S&P Under Investigation: Lawbreaking Or Not, S&P Is Bankrupt

In General Interest by Jonathan Tasini2 Comments

   Over the past few months, I’ve written a number of pieces about the ludicrous spectacle of anyone taking Standard and Poor’s and Moody’s seriously anymore. When S&P downgraded the U.S. rating, it underscored how entirely corrupt the system has become.

    Joy and celebration: maybe S&P even broke the law.

 The investigation is under way:

The Justice Department is investigating whether the nation’s largest credit ratings agency, Standard & Poor’s, improperly rated dozens of mortgage securities in the years leading up to the financial crisis, according to two people interviewed by the government and another briefed on such interviews.


During the boom years, S.& P. and other ratings agencies reaped record profits as they bestowed their highest ratings on bundles of troubled mortgage loans, which made the mortgages appear less risky and thus more valuable. They failed to anticipate the deterioration that would come in the housing market and devastate the financial system.

Since the crisis, the agencies’ business practices and models have been criticized from many corners, including in Congressional hearings and reports that have raised questions about whether independent analysis was corrupted by the drive for profits.[emphasis added]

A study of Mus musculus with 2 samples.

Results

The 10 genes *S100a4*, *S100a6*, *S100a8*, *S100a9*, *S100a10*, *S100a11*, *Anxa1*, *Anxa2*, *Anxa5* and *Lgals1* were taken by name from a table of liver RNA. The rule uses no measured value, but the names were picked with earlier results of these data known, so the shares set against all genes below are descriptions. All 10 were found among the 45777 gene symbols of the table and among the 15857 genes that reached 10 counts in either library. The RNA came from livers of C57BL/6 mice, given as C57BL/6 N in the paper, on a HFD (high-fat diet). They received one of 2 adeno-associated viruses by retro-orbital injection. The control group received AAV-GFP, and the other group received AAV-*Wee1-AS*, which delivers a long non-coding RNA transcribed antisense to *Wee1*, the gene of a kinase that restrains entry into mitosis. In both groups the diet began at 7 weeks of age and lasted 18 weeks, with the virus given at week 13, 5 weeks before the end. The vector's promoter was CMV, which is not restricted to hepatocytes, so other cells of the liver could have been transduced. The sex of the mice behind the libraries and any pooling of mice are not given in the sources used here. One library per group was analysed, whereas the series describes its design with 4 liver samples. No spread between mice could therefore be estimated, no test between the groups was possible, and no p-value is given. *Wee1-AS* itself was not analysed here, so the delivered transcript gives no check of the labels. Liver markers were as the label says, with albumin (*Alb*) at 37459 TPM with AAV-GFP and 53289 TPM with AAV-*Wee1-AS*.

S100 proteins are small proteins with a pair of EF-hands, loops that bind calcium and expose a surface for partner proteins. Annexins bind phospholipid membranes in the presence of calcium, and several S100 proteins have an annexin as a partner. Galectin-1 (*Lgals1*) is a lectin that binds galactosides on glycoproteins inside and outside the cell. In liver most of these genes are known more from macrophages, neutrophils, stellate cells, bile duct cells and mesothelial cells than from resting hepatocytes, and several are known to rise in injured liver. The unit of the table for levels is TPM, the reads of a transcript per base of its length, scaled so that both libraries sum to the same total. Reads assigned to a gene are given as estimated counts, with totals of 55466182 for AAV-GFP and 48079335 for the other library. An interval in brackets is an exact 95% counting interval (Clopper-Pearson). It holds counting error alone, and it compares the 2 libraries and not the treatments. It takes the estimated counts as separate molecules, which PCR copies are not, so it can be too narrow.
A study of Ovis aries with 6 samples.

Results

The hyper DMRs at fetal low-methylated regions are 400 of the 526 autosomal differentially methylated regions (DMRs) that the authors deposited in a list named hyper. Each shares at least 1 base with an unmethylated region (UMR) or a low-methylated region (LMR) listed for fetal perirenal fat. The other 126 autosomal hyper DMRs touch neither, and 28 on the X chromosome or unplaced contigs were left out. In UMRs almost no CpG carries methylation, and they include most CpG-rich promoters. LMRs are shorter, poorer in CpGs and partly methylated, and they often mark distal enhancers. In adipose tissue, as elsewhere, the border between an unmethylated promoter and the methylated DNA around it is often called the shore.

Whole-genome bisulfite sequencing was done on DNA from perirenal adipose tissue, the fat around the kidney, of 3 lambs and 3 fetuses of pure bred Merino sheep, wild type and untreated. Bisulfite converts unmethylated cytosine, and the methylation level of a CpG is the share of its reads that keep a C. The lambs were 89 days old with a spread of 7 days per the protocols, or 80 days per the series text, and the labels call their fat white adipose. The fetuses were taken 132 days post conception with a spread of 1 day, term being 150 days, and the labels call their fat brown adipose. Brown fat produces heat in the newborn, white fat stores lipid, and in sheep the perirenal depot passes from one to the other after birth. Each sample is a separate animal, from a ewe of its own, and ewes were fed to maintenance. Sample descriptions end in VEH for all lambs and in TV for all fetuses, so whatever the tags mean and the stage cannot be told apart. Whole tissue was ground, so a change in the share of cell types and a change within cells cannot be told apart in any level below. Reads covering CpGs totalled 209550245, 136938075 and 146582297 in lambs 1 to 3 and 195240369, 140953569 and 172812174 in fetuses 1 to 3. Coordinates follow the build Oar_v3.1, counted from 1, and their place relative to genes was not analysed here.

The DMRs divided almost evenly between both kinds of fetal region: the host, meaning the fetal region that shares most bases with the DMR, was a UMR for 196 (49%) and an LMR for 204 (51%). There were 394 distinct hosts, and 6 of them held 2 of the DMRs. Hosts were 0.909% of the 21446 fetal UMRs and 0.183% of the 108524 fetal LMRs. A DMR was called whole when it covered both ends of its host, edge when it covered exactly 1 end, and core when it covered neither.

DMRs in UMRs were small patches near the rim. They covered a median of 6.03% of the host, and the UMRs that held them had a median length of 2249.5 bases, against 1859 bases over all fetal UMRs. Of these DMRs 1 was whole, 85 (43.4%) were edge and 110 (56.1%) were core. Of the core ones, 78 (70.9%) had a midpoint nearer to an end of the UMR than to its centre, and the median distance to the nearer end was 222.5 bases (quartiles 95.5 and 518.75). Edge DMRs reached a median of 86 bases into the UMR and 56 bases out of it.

To be clear, whether the Justice Department actually files charges or not, it is clear: the heads of the ratings agencies were a critical part of the mortgage scam.

    What is important is this:

A successful case or settlement against a giant like S.& P. could accelerate the shift away from the traditional ratings system. The financial reform overhaul known as Dodd-Frank sought to decrease the emphasis on ratings in the way banks and mutual funds invest their assets. But bank regulators have been slow to spell out how that would work. A government case that showed problems beyond ineptitude might spur greater reforms, financial historians said.

    Change is the critical part because it is unlikely that anyone from S&P will go to jail, even if charges were filed. This is most likely a civil, not criminal case.

    For sure, the torpedoing the influence of the ratings agencies is just a small piece of the larger corrupt system that has to be undone.

    But it would be a step in the right direction.

   And, in the meantime, there should be an attempt to simply ignore these bozos.